Probability Theory

Counting

A theoretical approach to determine probabilities requires the ability to count the number of ways certain events can occur. In some cases, counting is simple because there is only one way for an event to occur. For example, there is only one way in which a 4 will show up on a single roll of a die. In most cases, however, counting is not always an easy matter. Imagine trying to count the number of ways of being dealt a pair in 5 card poker.

The fundamental principle of counting is often used when many selections are made from the same set of objects. Suppose we want to know the number of different ways four people can line up in a carnival line. The first spot in line can be occupied by any of the four people. The second can be occupied any of the three people who are left. The third spot can be filled by either of the two remaining people, and the fourth spot is filled by the last person. So, the total number of ways four people can create a line is equal to the product 4 × 3 × 2 × 1 = 24. This product can be abbreviated as 4! (read "4 factorial"). In general, the product of the positive integers from 1 to n can be denoted by n! which equals n × (n-1) × (n-2) ×...2 × 1. It should be noted that 0! is by definition equal to 1.

The example of the carnival line given above illustrates a situation involving permutations. A permutation is any arrangement of n objects in a definite order. Generally, the number of permutations of n objects is n. Now, suppose we want to make a line using only two of the four people. In this case, any of the four people can occupy the first space and any of the three remaining people can occupy the second space. Therefore, the number of possible arrangements, or permutations, of two people from a group of four, denoted as P4,2 is equal to 4 × 3 = 12. In general, the number of permutations of n objects taken r at a time is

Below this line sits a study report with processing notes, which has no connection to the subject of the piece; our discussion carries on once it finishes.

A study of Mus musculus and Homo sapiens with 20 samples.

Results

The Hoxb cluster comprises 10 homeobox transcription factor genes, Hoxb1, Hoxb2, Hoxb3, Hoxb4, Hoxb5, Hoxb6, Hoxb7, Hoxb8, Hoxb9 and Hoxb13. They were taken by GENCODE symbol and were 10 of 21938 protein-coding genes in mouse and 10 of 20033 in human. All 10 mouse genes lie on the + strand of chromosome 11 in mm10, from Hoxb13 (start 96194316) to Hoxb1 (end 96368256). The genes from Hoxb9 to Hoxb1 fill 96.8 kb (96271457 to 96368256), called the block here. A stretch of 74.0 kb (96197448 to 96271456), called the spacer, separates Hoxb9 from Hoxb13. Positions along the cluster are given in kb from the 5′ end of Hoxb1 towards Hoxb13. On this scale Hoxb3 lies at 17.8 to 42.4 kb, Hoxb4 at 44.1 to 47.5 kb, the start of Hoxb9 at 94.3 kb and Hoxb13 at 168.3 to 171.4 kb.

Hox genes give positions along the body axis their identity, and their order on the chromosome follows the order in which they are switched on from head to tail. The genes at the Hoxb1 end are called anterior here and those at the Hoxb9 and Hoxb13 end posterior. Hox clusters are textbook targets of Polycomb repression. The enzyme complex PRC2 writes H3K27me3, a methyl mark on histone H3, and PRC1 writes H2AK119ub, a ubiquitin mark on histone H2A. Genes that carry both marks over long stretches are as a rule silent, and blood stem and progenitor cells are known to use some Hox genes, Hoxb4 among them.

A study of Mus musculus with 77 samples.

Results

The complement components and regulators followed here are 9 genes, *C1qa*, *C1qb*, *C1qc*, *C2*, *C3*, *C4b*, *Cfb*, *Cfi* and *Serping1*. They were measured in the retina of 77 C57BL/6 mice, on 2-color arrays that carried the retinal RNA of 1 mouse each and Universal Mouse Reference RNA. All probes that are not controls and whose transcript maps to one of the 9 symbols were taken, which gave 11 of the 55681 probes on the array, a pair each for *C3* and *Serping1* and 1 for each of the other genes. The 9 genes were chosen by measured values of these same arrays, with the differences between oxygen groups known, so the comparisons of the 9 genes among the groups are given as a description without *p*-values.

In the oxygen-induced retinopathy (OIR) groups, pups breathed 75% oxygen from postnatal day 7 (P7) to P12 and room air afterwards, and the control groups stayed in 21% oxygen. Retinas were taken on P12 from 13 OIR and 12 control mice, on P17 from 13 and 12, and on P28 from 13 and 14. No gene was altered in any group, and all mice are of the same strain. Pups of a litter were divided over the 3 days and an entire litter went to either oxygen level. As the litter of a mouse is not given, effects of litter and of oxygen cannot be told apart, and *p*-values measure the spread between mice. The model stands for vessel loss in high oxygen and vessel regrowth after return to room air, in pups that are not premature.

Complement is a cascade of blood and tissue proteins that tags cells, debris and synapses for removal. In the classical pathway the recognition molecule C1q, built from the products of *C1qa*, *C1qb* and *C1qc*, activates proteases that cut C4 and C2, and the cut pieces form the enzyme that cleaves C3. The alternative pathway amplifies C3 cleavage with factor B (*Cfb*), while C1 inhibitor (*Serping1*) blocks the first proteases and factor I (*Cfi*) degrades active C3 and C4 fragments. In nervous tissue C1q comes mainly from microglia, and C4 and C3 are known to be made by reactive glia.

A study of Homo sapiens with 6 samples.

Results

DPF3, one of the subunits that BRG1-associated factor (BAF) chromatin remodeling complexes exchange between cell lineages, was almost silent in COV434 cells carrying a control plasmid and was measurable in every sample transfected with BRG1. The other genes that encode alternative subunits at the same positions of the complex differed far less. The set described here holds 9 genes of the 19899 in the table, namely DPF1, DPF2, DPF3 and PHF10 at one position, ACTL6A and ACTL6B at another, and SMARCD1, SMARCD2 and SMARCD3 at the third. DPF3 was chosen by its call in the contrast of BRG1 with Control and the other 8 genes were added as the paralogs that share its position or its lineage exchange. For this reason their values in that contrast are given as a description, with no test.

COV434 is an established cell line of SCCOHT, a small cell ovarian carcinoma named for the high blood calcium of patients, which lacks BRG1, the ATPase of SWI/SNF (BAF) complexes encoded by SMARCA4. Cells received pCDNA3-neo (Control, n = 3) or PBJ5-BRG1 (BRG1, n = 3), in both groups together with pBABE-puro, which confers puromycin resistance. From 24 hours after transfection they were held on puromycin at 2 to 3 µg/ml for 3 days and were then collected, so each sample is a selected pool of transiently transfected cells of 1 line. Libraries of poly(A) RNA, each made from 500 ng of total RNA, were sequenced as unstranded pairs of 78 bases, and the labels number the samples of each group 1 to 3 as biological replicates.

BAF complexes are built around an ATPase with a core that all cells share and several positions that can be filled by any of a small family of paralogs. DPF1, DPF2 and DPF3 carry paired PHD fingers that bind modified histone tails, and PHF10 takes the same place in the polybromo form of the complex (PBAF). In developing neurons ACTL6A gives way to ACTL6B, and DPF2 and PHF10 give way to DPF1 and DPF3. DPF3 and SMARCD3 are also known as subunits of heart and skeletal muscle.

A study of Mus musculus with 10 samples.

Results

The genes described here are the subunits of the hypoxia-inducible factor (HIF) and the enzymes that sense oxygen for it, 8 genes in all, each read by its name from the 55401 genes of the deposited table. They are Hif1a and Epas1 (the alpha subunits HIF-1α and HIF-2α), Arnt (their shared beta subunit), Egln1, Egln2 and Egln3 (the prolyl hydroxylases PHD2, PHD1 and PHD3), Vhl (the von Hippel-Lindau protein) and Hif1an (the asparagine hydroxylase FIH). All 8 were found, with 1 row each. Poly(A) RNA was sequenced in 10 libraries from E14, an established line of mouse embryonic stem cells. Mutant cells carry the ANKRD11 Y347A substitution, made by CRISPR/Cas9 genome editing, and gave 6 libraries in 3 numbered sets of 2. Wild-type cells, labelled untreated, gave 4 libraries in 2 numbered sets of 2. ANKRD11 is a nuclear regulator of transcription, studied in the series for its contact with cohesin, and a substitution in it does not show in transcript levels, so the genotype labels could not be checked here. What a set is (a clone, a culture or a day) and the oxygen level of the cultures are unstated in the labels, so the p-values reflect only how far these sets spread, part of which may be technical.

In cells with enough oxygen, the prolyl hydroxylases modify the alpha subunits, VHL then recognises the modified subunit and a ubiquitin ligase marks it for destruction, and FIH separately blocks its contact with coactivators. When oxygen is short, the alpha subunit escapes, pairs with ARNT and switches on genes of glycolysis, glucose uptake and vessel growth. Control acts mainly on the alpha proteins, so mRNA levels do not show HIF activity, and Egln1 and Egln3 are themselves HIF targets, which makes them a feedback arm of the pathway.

This can be written more compactly as Pn,r = n!/(n-r)!

Many times the order in which objects are selected from a group does not matter. For instance, we may want to know how many different 3 person clubs can be formed from a student body of 125. By using permutations, some of the clubs will have the same people, just arranged in a different order. We only want to count then number of clubs that have different people. In these cases, when order is not important, we use what is known as a combination. In general, the number of combinations denoted as Cn,r or is equal to Pn,r /r! or Cn,r = n!/r! × (n-r)! For our club example, the number of different three person clubs that can be formed from a student body of 125 is C125,3 or 125!/3! × 122! = 317,750.